3 resident cats smell a newbie intensely to check out his health and ‘credentials’

This seems to be some sort of shelter where there are many cats. She may be a foster carer operating from home. Three of her resident cats check the credentials of the incoming newbie with great interest and intensity. The newbie accepts it all but plaintively cries out as he is unsure about what is happening.

It is a strong reminder that domestic cats rely on their assessment of the scent of objects to decide what it or he/she is and whether they are who they think they are.

Three resident cats check the health of a newbie
Two useful tags. Click either to see the articles: Toxic to cats | Dangers to cats

Three resident cats check the health of a newbie. Screenshot. Sorry for the poor image quality. The video is terrible for quality.

This is like an interview by a panel of cats to see if the newcomer is acceptable to the group. It is as if a committee has formed and they gather around the newbie and start sniffing. The cat on the left – gray/white bicolor – does a nose touch greeting but also smells the breath of the newcomer. He performs the Flehmen response using his Jacobson’s organ (vomeronasal organ) in the roof of his mouth to really understand the new cat. Perhaps he is actually checking for disease! That is a distinct possibility. The breath of a cat can say quite a lot about their health. I wonder if this is a feline behavioral trait that occurs more than we think. I have never seen it mentioned before.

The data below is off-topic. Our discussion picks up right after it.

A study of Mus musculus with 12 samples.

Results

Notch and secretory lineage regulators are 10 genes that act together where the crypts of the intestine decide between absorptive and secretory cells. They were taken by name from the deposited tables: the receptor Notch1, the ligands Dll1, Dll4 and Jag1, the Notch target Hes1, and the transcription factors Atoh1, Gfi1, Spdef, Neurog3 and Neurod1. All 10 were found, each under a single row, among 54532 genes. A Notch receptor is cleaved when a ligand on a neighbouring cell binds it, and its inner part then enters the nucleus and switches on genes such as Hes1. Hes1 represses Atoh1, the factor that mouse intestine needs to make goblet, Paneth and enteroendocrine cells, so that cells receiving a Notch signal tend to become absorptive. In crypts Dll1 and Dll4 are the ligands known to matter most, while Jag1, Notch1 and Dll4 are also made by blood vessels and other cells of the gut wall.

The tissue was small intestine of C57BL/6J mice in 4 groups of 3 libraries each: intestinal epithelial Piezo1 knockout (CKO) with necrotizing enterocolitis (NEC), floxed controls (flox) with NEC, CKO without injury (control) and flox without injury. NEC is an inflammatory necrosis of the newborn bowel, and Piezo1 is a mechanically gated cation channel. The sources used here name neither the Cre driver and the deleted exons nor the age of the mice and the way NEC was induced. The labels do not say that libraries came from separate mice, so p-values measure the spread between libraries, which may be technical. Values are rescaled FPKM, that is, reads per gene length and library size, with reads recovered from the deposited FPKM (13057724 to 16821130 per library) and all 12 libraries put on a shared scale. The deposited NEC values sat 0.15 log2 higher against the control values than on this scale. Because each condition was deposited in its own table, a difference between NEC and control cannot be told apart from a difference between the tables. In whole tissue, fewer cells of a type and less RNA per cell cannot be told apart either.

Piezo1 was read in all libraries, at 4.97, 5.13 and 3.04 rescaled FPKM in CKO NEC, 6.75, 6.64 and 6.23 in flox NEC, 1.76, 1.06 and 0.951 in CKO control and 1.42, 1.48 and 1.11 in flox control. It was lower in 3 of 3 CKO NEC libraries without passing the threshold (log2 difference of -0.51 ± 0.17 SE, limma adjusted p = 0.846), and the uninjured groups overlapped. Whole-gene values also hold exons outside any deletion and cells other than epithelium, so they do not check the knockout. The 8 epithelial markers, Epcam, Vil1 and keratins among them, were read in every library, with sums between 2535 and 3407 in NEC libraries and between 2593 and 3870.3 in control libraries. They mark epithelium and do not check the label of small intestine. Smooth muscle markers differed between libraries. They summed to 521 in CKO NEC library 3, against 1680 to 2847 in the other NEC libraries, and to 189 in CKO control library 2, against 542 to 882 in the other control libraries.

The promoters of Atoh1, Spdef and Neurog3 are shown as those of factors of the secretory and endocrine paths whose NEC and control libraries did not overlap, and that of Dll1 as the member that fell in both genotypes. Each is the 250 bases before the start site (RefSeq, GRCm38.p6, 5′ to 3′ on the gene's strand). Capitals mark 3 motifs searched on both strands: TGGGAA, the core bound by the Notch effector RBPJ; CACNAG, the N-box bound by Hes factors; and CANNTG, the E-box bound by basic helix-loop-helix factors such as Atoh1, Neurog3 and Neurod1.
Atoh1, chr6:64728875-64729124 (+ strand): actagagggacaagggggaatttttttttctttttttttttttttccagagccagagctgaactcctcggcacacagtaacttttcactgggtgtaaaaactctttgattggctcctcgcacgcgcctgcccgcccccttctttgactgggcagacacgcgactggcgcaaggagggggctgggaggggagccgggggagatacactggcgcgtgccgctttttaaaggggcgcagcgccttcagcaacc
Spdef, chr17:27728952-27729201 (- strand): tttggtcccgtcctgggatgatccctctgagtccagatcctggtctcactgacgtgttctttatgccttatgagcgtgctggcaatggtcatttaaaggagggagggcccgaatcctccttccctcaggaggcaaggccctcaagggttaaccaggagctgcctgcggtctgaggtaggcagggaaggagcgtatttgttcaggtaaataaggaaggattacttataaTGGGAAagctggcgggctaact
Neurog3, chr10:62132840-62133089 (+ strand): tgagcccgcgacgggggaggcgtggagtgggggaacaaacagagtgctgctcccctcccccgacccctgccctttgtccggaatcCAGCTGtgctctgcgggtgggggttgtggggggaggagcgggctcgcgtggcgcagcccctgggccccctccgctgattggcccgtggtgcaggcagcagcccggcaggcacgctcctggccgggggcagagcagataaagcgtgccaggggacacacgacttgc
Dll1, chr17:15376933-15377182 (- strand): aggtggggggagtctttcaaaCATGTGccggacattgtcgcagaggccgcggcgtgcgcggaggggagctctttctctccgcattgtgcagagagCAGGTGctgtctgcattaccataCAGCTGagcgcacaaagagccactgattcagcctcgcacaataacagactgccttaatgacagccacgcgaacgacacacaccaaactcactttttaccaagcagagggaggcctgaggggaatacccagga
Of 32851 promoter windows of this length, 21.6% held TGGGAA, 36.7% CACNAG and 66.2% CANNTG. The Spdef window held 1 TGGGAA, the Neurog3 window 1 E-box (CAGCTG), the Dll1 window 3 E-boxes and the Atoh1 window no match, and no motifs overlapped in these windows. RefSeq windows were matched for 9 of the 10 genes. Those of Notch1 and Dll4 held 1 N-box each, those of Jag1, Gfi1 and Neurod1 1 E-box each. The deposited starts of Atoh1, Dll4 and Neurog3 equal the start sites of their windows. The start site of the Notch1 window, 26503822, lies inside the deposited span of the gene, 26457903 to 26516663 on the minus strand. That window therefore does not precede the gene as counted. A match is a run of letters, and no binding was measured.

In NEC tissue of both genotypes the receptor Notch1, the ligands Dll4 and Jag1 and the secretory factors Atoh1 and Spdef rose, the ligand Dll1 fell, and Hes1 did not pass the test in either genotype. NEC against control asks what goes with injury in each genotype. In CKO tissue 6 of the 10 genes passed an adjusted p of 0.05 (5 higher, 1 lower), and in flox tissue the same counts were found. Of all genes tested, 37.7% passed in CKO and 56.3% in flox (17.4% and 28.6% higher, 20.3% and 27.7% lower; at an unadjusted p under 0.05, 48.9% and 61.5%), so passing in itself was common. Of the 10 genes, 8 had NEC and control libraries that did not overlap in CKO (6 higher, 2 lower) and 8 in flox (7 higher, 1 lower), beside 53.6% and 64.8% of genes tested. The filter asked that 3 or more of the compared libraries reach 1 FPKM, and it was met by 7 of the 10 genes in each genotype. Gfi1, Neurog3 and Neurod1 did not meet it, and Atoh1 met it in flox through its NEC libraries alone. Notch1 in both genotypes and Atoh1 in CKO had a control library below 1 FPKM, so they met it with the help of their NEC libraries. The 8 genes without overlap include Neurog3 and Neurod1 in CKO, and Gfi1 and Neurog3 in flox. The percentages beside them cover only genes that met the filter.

Note: This is a video from another website. Sometimes they are deleted at source which stops them working on this site. If that has happened, I apologise but I have no control over it.

What is nice about the video (entitled “The newcomer was welcomed warmly” by the video maker) is that the cats are non-hostile. They are not necessarily friendly per se but they probably will be once they’ve checked out the new ginger tabby and okayed him. He’s passed the sniff test. The gray bicolor also delivers a little lick which is a good sign of things to come: plenty of allogrooming. The newcomer is young and the ‘committee’ are older adults. I’d expect them to take care of him.



Hi, I'm a 74-year-old retired solicitor (attorney in the US). Before qualifying I worked in many jobs including professional photography. I love nature, cats and all animals. I am concerned about their welfare. If you want to read more click here.